How valuable is Wood?
We all know that certain woods, like Brazilian rosewood (Dalbergia nigra) for example, because they have beautiful grain pattern and come from trees that are in very short supply, often growing in locations that are difficult to access, have very high market value. Yet very common woods harvested from the right trees and handled in special ways can sometimes yield even higher prices. Some of the most valuable wood in the world today is found in the violins built by Stradivari and his contemporaries in Cremona, Italy from about 1664 to 1737. Today these violins sell for more than a million US dollars each. Until recently all the credit for the unique tone of those violins had been lavished on the violin builders. Certainly they were very skilled luthiers and knew how to carve the spruce tops to maximize sound transmission, but we now know that some of the credit for the special tonal properties of these musical instruments is attributable to how the spruce trees grew and how the logs were subsequently handled.
Recent research by Burkle and Grissimo-Mayer (2003) has revealed that spruce trees growing in the Italian Alps that provided the wood for the Cremona luthiers, grew during a particularly cold period in Europe known as the Maunder Minimum. Because the growing season was shorter and cooler the trees grew more slowly than normal, producing narrower rings and thereby increasing the volume of latewood, where sound is transmitted the fastest. High speed of sound transmission or ‘response’ allows a violin to capture and radiate all of the notes produced by the strings.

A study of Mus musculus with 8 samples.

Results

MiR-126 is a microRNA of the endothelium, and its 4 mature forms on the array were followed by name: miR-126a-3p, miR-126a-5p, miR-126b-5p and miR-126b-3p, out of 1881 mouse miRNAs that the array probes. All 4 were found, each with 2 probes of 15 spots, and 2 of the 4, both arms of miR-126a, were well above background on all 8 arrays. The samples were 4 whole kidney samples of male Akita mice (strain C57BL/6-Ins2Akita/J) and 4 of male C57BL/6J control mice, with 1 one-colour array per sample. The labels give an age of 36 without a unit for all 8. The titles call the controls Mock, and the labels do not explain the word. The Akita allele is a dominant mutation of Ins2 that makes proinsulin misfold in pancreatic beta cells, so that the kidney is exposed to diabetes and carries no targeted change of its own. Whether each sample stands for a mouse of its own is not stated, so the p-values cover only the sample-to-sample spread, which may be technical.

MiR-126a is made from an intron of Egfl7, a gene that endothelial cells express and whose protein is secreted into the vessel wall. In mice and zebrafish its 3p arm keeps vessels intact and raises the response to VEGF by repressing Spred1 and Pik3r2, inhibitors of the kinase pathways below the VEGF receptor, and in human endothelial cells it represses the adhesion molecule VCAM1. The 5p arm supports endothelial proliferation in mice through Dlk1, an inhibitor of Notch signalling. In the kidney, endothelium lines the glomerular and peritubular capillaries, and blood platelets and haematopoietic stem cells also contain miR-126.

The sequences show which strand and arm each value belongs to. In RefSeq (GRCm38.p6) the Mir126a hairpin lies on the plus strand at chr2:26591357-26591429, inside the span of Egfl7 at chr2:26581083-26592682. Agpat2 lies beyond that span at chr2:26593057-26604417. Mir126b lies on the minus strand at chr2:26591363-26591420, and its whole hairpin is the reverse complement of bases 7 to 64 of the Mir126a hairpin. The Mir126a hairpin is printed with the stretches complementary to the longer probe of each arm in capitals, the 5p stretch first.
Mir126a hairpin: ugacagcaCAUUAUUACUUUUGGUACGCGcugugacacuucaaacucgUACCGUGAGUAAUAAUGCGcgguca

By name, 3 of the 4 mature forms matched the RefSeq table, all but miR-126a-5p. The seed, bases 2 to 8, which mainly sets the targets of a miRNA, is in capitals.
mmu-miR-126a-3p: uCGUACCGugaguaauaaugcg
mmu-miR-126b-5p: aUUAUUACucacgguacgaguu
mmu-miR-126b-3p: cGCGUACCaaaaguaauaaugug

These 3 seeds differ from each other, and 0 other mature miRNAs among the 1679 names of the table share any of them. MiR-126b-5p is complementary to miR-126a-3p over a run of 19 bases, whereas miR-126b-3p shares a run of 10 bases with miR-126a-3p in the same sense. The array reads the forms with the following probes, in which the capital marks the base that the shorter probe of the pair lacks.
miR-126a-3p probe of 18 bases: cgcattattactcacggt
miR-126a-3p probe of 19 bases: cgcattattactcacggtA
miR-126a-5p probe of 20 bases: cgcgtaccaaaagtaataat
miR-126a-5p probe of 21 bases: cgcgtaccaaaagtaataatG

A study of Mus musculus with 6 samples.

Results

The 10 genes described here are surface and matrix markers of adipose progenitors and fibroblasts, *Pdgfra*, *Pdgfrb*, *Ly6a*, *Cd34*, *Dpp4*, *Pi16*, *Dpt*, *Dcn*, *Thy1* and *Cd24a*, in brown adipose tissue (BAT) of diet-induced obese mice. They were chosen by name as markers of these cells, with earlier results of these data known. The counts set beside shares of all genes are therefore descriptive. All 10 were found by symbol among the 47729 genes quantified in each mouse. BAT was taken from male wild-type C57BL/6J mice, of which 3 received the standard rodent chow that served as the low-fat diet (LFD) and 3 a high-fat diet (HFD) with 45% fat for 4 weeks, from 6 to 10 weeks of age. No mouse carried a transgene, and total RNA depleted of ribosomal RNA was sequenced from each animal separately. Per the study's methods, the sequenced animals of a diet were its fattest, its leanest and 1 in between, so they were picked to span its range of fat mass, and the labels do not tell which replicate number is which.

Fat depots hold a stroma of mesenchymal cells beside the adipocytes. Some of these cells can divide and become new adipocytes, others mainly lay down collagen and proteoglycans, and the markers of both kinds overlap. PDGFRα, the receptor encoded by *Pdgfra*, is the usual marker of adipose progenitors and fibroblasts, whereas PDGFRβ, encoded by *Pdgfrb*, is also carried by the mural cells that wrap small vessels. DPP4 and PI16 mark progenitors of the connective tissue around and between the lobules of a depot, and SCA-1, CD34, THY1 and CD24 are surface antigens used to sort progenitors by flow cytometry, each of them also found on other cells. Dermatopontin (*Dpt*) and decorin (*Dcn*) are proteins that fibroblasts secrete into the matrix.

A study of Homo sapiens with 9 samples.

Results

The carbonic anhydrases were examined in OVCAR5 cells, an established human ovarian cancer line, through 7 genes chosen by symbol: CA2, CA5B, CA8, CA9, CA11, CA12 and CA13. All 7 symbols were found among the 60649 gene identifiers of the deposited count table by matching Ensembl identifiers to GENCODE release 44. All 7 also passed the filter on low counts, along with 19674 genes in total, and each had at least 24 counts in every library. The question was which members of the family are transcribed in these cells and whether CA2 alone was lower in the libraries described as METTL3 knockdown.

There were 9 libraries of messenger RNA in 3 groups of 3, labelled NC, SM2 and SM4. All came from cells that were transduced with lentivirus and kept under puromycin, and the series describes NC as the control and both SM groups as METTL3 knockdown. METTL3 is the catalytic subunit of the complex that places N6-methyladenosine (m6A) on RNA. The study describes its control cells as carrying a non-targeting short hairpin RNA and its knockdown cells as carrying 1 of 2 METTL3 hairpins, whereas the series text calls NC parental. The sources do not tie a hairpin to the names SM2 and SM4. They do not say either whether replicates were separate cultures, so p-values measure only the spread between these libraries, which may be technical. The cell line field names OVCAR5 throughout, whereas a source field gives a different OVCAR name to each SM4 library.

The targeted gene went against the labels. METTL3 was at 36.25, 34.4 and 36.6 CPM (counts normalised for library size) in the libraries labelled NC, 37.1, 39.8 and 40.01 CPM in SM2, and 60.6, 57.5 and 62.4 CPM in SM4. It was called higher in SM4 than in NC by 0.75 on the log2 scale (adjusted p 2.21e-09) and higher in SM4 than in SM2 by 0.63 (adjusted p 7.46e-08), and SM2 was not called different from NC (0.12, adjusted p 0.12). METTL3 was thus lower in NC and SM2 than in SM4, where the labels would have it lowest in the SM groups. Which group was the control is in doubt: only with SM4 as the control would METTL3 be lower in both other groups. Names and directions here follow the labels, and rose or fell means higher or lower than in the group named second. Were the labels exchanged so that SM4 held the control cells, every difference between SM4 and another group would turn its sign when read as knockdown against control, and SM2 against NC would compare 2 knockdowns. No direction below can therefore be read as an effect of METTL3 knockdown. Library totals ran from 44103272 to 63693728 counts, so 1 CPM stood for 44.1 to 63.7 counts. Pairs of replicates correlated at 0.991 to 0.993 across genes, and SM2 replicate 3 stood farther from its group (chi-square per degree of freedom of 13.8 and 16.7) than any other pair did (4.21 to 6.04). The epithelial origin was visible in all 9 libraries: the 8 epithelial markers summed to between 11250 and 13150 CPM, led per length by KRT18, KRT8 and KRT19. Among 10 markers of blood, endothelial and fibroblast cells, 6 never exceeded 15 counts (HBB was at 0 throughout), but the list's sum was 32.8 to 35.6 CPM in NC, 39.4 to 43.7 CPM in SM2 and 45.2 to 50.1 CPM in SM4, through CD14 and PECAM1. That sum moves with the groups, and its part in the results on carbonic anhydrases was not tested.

Of equal importance was how the spruce logs were handled before milling. During this period the spruce forests were under the absolute control of the Republic of Venetia. Spruce logs cut in the Italian Alps were transported by streams and rivers to Venice where they could be inventoried. Often these logs remained ponded in the Venetian lagoon for up to five years, during which time these green logs absorbed sea salts by diffusion. Based on laboratory tests (Erickson and Rees, 1940), we know that conifer wood impregnated with chloride salts, such as NaCl or MgCl, have compression strength improved by 25% or more. This added compression strength prevented the arched violin top from undergoing creep under the constant pressure of the strings, and, in addition, allowed the luthiers to experiment with thinner tops to improve sound transmission.
As managers, we cannot control future weather patterns or even wait for five years while logs steep in a brine solution, but we can manage planted forests to match the quality of the wood with anticipated market demands.